By Charlie Senack
The Sir John A. Macdonald Parkway is officially no more.
The popular traffic thoroughfare has officially been named the Kichi Zībī Mīkan Parkway which officially means “Great River Road” in Algonquin.
A ceremony was held near the Canadian War Museum to unveil the new signage on Sept. 29, a day before Truth and Reconciliation Day. Dozens of people were in attendance including former Indian Residential School survivors and their families.
“There was a real effort to bring our Algonquin partners together, to have conversations, to listen, and to determine what the appropriate name is,” said National Capital Commission CEO Toby Nussbaum. “This was very much an Algonquin-led process and I think it is glorious. [The name] I think reflects both the history and the geography of this historic site.”
Since the Parkway first opened to traffic, it’s had multiple names. Originally known as the Western Parkway or Ottawa River Parkway, it was named after Sir John A. Macdonald, Canada’s first prime minister, in 2012 by the then-Conservative government, which wanted to “reflect” more of Canada’s history.
Public outcry started soon after and increased in recent years after the horrors of Canada’s former Indian residential school system started to be discussed. It is estimated that more than 4,000 Indigenous children in these schools died or went missing. Macdonald has been considered the main architect behind the system.
In June 2021, city councillors Jeff Leiper, Theresa Kavanagh, and Catherine McKenney wrote a letter to Prime Minister Justin Trudeau, requesting the Parkway be renamed due to its “harmful legacy.”
Leiper, who was at the new signage unveiling, said he was proud to see years of advocacy pay off.
“We’ve heard a lot about the role the Kichi Zibi plays in uniting the Algonquin nations in eastern Canada. The parkway is obviously intimately connected with the river. To put Sir John A. Macdonald’s name on a parkway whose function, history and geography is so intimately tied with that great river, struck me as not just sad but outright provocative,” he said. “I’m very happy to see the name changed.”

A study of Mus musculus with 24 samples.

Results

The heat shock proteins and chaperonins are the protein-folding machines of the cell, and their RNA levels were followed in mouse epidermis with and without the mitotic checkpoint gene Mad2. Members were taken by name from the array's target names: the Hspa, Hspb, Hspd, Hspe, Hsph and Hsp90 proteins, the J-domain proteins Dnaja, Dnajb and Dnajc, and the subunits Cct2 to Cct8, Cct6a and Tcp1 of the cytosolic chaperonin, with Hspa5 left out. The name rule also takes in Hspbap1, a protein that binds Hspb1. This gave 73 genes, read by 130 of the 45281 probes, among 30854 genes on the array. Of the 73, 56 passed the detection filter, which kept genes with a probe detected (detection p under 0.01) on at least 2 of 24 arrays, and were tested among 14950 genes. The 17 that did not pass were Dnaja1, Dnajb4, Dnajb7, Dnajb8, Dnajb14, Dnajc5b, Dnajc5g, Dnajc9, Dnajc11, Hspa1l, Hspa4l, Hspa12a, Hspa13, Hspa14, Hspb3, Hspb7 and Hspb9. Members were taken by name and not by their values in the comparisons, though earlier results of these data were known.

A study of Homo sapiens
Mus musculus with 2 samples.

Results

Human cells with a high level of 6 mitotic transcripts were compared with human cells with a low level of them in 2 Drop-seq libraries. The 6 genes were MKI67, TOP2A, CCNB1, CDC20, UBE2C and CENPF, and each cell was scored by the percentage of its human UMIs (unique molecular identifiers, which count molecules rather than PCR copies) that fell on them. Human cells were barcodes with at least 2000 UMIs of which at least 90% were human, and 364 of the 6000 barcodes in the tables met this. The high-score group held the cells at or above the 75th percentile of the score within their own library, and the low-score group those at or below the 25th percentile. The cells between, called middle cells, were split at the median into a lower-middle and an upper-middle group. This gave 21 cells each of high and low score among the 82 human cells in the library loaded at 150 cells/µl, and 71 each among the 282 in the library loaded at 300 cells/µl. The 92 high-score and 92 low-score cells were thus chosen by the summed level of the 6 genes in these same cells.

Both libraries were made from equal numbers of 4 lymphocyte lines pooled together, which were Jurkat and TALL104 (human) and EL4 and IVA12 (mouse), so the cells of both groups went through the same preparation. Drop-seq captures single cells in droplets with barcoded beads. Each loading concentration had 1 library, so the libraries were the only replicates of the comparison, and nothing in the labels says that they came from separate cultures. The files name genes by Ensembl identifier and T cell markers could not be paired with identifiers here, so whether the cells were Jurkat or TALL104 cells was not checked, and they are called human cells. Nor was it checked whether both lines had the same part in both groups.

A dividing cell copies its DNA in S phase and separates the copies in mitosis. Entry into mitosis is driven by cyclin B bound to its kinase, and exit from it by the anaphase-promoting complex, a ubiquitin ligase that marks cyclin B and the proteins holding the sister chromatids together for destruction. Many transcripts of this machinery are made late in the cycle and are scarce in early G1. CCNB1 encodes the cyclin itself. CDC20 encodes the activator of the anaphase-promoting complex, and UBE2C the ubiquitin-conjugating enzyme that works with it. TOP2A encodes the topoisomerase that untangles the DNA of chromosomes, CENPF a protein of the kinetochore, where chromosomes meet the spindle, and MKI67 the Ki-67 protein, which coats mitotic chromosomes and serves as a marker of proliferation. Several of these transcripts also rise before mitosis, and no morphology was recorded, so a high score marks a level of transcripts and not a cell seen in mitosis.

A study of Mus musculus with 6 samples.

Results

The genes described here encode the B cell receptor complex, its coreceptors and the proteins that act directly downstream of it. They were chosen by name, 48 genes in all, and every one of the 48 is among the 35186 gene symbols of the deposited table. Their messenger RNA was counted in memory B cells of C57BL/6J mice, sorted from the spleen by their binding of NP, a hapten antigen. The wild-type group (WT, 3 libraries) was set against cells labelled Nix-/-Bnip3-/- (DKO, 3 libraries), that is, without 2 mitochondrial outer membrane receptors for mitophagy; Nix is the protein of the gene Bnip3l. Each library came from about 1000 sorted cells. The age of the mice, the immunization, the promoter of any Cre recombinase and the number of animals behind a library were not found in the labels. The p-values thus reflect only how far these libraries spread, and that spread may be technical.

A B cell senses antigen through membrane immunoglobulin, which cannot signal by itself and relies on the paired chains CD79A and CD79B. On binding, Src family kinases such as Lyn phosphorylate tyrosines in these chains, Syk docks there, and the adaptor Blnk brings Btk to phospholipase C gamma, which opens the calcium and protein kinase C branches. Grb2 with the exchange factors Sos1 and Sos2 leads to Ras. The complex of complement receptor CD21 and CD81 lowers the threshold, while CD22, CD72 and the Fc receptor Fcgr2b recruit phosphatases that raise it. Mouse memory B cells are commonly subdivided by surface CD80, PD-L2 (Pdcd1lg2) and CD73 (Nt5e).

Dylan Whiteduck, Chief of Kitigan Zibi Anishinabeg, said it was a very proud moment for Indigenous people who were in attendance, and said the name change marks good progress in reconciliation. Even so, there is still a long way to go.
“It’s nice to rename streets and signs, it’s nice to rename rivers, but how do we become prosperous like the rest of Canadians? How do we generate revenue?” Whiteduck said.
“We have never surrendered this land. It’s still considered stolen. Our people inhabited these lands and shores for millennia,” he added. “There are recordings of Samuel De Champlain seeing over 200,000 Algonquins, and seeing the first one under the Chaudiere Falls.”
As part of generating revenue through reconciliation, Whiteduck said they are interested in developing the lands at LeBreton Flats and are looking to work with the Ottawa Senators hockey team to have an arena built at the site.
“We’d love to be part owner of the Ottawa Senators and build a stadium for them on our territory. But there is a process and consultation we will need to have with our members and all parties involved,” he said. “We do hope LeBreton Flats becomes a prosperous entity for all Canadians, citizens of Ottawa, and most importantly, the Algonquins.”